As a pharmaceutical trainer, auditor and consultant I meet a lot of auditors and look at audit mechanisms a great deal. The following appears to be the case in most pharmaceutical manufacturing sites.
First party audits:
We do these because we have to! Often seen as a regulatory necessity! Areas are often only audited once a year (if that) with limited time given to perform the audits. These audits are often moved “when something more important comes up”, are poorly planned and prepared for, the audit programme is often not adhered to, reports are completed late and non-conformities/ corrective actions highlighted during the audit are rarely completed. Evidence to support that true corrective actions have been taken (that proves that the problem has been sorted for good) are rarely seen.
Second party audits:
These are generally done OK. We like doing these. If it involves us performing supplier audits then it gets us out of the office, involves travel and allows us to meet new people. If it’s us being audited by a customer it gives us an opportunity to show them what we can do and how good we are. This article is not really about this type of audit – we will re-visit these another day.
Third party audits:
These are dealt with completely differently from first party audits. As soon as a site knows that the Regulatory Authority is coming all holidays are cancelled. Teams of people will meet every week to plan the audit, all documentation and records will be re-reviewed and put in a (war) room with an armed guard at the door! There will be none of that “we’ll deal with any non-conformities in due course” with these audits – people are re-trained, procedures are re-issued and facilities repaired whilst the audit is still going on!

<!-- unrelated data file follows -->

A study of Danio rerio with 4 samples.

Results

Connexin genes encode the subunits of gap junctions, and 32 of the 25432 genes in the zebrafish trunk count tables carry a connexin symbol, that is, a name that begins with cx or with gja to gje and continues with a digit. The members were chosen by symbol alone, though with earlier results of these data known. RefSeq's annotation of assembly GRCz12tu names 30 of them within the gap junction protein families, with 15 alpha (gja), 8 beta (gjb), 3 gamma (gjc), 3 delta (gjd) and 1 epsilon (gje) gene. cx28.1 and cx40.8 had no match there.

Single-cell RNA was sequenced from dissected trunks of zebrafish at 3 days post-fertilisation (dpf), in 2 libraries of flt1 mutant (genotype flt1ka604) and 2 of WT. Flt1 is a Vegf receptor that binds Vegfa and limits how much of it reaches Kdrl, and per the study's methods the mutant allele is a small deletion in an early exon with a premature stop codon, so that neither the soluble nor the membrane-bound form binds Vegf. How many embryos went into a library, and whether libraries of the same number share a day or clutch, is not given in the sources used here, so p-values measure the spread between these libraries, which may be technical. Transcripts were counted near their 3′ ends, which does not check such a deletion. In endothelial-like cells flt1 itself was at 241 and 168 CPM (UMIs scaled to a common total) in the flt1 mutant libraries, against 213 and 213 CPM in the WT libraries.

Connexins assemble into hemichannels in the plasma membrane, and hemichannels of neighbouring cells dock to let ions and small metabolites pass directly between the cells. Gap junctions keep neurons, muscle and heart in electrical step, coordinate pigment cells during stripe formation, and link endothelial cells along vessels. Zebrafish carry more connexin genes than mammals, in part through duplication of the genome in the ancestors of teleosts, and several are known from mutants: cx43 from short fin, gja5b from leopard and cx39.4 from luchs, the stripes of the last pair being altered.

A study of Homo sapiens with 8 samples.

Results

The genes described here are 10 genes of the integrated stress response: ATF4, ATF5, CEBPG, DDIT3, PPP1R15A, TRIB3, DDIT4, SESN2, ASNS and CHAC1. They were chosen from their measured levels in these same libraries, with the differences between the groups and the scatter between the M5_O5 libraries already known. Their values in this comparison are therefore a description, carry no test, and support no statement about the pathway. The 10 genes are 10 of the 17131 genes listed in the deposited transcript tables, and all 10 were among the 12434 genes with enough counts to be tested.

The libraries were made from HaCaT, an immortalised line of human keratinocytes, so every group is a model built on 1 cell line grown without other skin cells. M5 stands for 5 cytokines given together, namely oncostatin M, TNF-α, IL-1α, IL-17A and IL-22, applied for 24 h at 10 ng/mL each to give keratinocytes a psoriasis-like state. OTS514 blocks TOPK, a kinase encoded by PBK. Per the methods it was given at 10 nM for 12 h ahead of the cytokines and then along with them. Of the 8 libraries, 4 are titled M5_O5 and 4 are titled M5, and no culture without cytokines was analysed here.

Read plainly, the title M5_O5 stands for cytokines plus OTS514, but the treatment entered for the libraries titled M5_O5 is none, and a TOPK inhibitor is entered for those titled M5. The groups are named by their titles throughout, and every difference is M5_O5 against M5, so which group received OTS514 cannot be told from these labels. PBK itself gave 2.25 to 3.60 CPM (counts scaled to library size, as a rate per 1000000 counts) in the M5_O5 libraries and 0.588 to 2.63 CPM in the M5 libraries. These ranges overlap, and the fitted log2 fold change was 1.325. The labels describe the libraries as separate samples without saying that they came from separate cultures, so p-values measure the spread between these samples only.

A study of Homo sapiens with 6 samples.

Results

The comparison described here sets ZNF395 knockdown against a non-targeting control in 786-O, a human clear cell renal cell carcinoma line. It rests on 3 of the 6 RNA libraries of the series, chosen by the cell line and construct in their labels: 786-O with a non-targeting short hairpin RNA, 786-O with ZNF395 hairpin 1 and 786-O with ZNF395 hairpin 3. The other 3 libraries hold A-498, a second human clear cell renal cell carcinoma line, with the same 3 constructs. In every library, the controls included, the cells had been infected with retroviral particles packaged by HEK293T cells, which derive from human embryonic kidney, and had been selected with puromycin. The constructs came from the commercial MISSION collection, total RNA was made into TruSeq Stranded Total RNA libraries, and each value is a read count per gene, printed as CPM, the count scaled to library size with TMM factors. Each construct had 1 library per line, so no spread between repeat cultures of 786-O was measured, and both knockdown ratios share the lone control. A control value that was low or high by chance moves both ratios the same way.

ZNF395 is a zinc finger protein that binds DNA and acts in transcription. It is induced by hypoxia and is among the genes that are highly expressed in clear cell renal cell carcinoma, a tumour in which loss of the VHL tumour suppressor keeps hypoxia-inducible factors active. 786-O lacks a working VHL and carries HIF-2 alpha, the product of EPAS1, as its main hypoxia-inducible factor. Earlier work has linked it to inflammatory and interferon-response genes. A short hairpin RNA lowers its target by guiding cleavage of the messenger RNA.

Now, I am generalising here, and I am trying to bring an element of fun and humour into this article, so please don’t be offended by this. However – here is the general lesson. We generally pay a bit of lip-service to the first party (internal) audit and take the third party (regulatory) audit much more seriously. And here is where the focus is wrong. Surely if we gave the first party audits much more focus and priority (after all it’s the prime way of evaluating your system) then wouldn’t second and third party audits be much easier to prepare for and be more successful?
I know that having a bad third party audit is a disaster for any site, so they do need to be well prepared for and managed. However more focus and effort to our own first party audits pays dividends. This can be summed up with my final thought. Aren’t non-conformities raised at third party audits telling you something about your first party audits? Surely the first party audits should be picking up findings ourselves before the Regulatory Authority finds them!
Of course what I say above involves a lot of generalisation, it does however appear to be generally agreed by people who I meet. If this is not the case in your own organisation then this is great news, and I would be delighted to hear from you in a comment below.